THE CROWNING OF AMENMESES
Now, notwithstanding all the woes that fell on Egypt and a certain secret sorrow of my own, began the happiest of the days which the gods have given me. We went to Mennefer or Memphis, the white-walled city where I was born, the city that I loved. Now no longer did I dwell in a little house near to the enclosure of the temple of Ptah, which is vaster and more splendid than all those of Thebes or Tanis. My home was in the beautiful palace of Seti, which he had inherited from his mother, the Great Royal Wife. It stood, and indeed still stands, on a piled-up mound without the walls near to the temple of the goddess Neit, who always has her habitation to the north of the wall, why I do not know, because even her priests cannot tell me. In front of this palace, facing to the north, is a great portico, whereof the roof is borne upon palm-headed, painted columns whence may be seen the most lovely prospect in Egypt. First the gardens, then the palm-groves, then the cultivated land, then the broad and gentle Nile and, far away, the desert.
Here, then, we dwelt, keeping small state and almost unguarded, but in wealth and comfort, spending our time in the library of the palace, or in those of the temples, and when we wearied of work, in the lovely gardens or, perchance, sailing upon the bosom of the Nile. The lady Merapi dwelt there also, but in a separate wing of the palace, with certain slaves and servants whom Seti had given to her. Sometimes we met her in the gardens, where it pleased her to walk at the same hours that we did, namely before the sun grew hot, or in the cool of the evening, and now and again when the moon shone at night. Then the three of us would talk together, for Seti never sought her company alone or within walls.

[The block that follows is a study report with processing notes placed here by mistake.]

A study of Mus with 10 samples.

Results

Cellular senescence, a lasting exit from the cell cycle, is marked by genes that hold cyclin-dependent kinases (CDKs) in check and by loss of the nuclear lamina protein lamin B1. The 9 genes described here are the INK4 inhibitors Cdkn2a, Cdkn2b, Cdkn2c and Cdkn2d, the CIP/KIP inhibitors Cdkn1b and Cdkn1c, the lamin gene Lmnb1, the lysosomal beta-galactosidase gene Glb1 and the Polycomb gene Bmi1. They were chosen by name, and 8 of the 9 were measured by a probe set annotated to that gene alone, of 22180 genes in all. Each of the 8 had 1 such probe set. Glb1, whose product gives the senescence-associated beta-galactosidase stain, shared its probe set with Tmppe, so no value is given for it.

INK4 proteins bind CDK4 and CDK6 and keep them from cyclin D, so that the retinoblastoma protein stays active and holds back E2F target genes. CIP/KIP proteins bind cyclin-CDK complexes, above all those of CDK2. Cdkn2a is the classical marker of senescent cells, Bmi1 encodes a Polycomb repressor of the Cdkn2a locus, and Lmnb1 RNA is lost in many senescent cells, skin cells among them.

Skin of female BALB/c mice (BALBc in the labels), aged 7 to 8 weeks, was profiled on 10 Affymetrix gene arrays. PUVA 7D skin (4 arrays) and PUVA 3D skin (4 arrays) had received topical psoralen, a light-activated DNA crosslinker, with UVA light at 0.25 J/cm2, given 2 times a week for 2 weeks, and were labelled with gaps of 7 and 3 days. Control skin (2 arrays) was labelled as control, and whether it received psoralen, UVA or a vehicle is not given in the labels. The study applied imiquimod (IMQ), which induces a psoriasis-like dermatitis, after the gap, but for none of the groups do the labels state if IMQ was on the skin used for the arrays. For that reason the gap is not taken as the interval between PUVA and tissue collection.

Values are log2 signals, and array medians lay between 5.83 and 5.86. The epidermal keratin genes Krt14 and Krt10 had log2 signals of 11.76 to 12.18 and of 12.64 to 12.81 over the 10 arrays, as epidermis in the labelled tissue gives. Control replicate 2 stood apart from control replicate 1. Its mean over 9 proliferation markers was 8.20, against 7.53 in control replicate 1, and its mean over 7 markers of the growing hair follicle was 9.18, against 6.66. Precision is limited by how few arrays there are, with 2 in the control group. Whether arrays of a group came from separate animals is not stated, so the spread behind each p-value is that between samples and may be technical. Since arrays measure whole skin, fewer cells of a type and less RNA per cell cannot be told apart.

Those talks were very pleasant. Moreover they grew more frequent as time went on, since Merapi had a thirst for learning, and the Prince would bring her rolls to read in a little summer-house there was. Here we would sit, or if the heat was great, outside beneath the shadow of two spreading trees that stretched above the roof of the little pleasure-house, while Seti discoursed of the contents of the rolls and instructed her in the secrets of our writing. Sometimes, too, I read them stories of my making, to which it pleased them both to listen, or so they said, and I, in my vanity, believed. Also we would talk of the mystery and the wonder of the world and of the Hebrews and their fate, or of what passed in Egypt and the neighbouring lands.
Nor was Merapi altogether lonesome, seeing that there dwelt in Memphis certain ladies who had Hebrew blood in their veins, or were born of the Israelites and had married Egyptians against their law. Among these she made friends, and together they worshipped in their own fashion with none to say them nay, since here no priests were allowed to trouble them.